IDReC researcher: Ebola linked to deforestation
New research co-authored by a New Zealand scientist has linked deforestation in Central and West Africa to the deadly Ebola virus.
The study, published today in journal Scientific Reports, finds that forested areas that were being cleared were also hotspots for the bat-borne virus, which killed more than 11,000 people in West Africa and caused global panic in the most recent epidemic.
While previous research has addressed how the virus spread among human populations, and how it could be contained after an outbreak, scientists have been trying to better understand the processes that led to the outbreak, in hope of stopping future epidemics before they can start.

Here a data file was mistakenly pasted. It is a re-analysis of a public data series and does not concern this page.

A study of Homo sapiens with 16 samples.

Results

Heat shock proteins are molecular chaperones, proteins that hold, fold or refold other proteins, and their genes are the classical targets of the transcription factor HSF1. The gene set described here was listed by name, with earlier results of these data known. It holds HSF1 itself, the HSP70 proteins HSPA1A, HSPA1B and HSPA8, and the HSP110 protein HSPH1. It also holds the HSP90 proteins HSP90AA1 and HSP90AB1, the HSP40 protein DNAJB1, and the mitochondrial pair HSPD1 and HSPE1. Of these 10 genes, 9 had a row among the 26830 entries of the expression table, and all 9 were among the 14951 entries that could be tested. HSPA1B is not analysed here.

Massey University's Dr David Hayman and colleagues looked at forested regions in Central and West Africa where Ebola outbreaks had already occurred, and then analysed how fragmented the forest cover was in these areas.
"We found that Ebola virus disease outbreaks had occurred in areas that were hotspots of deforestation," Hayman said.
"This suggests that the risk of Ebola virus disease is increased for people in fragmented forest regions."
In this context, deforestation was a concern as it brought humans into contact with wild animals, some of which could infect people.
"In the case of Ebola virus, it appears bats are reservoirs, and although we do not know the exact mechanisms, other research has shown more generalist fruit bats, such as those that have been linked to Ebola virus, increase in numbers in fragmented forest patches," he said.
"Based on our finding, we speculate that when people fragment the forests they inadvertently are increasing the likelihoods that they will come into contact with Ebola virus hosts."